It seems the trend in recent years is to look to traditional medicine to develop modern treatments and to discover the next superfood. One of the traditional foods receiving plenty of attention and marketing these days is the goji (also known as goji berry or wolfberry). It is a type of fruit native to Asia and that looks somewhat like a fat bird’s eye chili, about the size of the tip of a pinky finger. It’s been used in Asian cuisine and medicine for centuries and has a sweet taste and an herb-y aftertaste.
If you’re interested in goji berries, you’re in good company—celebrities like Madonna and Miranda Kerr are reportedly fans of the fruit. Fresh and dried goji berries are now available in many stores, including Healthy Options. As these berries are pricier than its cousins, you may be wondering if they’re worth it. Do the health benefits of goji berries make up for the cost?
Benefits of Goji Berries
Like many other fruits, goji berries are loaded with antioxidants, which help fight off inflammation that leads to aging and other related ailments. It’s also low in calories and high in fiber, which may help with weight management and keeping tummy troubles at bay. Some believe that it has amazing benefits, like increasing longevity and curing cancer, but these have not been backed by scientific research.
While numerous studies have been conducted on goji berries, there has been nothing conclusive as of yet. But the results of these studies have been encouraging. Based on existing research, goji berries may offer the following benefits:
May power up your immune system. The vitamins found in goji berries may help you keep illness at bay. In a study of aged mice, goji berries were shown to enhance the efficacy of the flu vaccine.
May improve skin. Like many other berries, the antioxidants in goji berries—zeaxanthin in particular—can help keep aging at bay.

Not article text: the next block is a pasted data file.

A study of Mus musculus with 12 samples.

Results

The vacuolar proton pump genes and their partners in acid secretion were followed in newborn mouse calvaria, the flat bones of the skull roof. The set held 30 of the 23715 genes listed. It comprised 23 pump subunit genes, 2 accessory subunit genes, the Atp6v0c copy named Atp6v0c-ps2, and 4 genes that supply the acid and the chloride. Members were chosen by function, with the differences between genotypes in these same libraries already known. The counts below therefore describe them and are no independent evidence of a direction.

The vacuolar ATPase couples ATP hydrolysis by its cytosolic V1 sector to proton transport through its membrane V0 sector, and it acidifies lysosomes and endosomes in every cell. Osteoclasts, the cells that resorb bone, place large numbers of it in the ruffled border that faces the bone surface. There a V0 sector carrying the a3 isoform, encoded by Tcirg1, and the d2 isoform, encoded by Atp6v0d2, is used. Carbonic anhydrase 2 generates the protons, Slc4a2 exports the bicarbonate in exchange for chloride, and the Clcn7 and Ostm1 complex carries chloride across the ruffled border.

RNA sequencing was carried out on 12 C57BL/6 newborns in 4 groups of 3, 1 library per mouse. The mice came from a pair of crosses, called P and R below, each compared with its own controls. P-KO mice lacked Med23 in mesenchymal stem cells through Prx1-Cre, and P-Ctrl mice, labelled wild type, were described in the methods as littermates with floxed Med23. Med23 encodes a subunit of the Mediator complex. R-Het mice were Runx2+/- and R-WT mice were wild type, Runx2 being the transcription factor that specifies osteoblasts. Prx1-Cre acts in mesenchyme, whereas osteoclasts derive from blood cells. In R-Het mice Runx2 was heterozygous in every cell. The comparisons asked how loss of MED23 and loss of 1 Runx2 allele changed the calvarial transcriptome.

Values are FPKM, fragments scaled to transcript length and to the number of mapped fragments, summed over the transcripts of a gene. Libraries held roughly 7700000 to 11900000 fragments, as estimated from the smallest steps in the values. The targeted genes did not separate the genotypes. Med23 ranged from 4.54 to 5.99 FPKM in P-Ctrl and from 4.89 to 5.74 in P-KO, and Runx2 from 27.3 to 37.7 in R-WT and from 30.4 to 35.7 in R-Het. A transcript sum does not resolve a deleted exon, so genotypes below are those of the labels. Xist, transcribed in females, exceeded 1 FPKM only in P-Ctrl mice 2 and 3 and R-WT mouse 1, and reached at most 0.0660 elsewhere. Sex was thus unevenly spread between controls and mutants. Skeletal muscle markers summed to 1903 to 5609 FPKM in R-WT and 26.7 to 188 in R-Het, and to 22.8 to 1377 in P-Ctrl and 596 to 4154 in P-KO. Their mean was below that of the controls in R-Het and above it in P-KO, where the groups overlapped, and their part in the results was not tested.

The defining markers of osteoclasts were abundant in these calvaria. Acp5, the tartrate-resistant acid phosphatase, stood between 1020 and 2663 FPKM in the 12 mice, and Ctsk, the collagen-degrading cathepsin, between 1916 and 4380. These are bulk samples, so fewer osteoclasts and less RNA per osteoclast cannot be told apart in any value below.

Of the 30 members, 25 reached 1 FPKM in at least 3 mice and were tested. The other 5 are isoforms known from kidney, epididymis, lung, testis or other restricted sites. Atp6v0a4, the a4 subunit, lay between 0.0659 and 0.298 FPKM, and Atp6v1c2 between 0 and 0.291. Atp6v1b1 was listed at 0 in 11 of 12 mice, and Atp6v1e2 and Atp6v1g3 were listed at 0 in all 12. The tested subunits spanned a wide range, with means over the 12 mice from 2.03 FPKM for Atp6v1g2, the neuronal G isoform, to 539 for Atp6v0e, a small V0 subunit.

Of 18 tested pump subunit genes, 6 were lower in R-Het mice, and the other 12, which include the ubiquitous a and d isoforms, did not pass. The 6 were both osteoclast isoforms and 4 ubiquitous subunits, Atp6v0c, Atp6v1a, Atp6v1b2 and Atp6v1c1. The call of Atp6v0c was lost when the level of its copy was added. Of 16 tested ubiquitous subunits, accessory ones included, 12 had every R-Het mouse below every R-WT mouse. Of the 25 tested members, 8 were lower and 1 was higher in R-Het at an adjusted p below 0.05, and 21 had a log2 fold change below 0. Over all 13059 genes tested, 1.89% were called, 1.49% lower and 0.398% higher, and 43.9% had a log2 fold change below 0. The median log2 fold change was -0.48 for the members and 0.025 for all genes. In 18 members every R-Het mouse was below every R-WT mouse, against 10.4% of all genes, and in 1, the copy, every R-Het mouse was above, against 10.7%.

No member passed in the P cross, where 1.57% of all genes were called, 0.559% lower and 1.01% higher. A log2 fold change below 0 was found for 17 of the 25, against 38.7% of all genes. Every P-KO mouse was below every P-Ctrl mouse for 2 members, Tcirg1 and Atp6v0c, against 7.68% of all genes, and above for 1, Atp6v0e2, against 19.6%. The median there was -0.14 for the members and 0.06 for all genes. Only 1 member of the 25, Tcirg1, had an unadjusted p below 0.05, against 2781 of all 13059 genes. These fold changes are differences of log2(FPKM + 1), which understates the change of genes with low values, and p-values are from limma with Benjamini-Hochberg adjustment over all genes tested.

May improve fertility. Research published in the journal Life Sciences supports the theory that goji berries can enhance sexual fertility. The results of the study showed raised sexual hormone levels in damaged rat testes, improved copulatory performance and reproductive function of hemicastrated male rats, increased hormone levels, and improved sperm quantity and quality, among other things.
The study concluded that the findings “support the folk reputation of L. barbarum fruits [goji berries] as an aphrodisiac and fertility-facilitating agent, and provide scientific evidence for a basis for the extensive use of L. barbarum fruits as a traditional remedy for male infertility in China.”
May give an energy boost. In a small study, subjects who drank goji berry juice for two weeks felt an increase in their energy levels.
A Word of Caution
Goji berries seem all well and good but if you’re thinking about adding them to your diet, it’s best to consult with your doctor first, especially if you have certain conditions or are taking medication. The online resource Healthline states that you should avoid goji berries if you have low blood sugar, are using blood thinners, have low or high blood pressure, are breastfeeding, or are pregnant as it may cause a miscarriage.
Also keep in mind that there can be too much of a good thing: A quarter cup of goji berries is said to contain three times the recommended daily allowance of Vitamin A so overconsumption may lead to Vitamin A toxicity. (While it initially affects your eyes, bones, and skin, it may lead to lasting damage to your liver.)
Including Goji Berries in Your Diet
It’s easy to include goji berries in your diet. You can treat them as any other dried fruit and snack on dried goji berries as is, or toss them into your salad, trail mix, granola, or yogurt. You can also mix them into your baked goods. Their interesting sweet-sour combination is a great addition to stuffing for your roast chicken or in a sauce for pork dishes. You can also include fresh goji berries in your morning smoothie.
As with any other food that has health claims, goji berries aren’t the be all and end all of good health. They should be part of a balanced diet packed with nutrients—all the goji berries in the world aren’t going to help if the rest of your diet is unhealthy.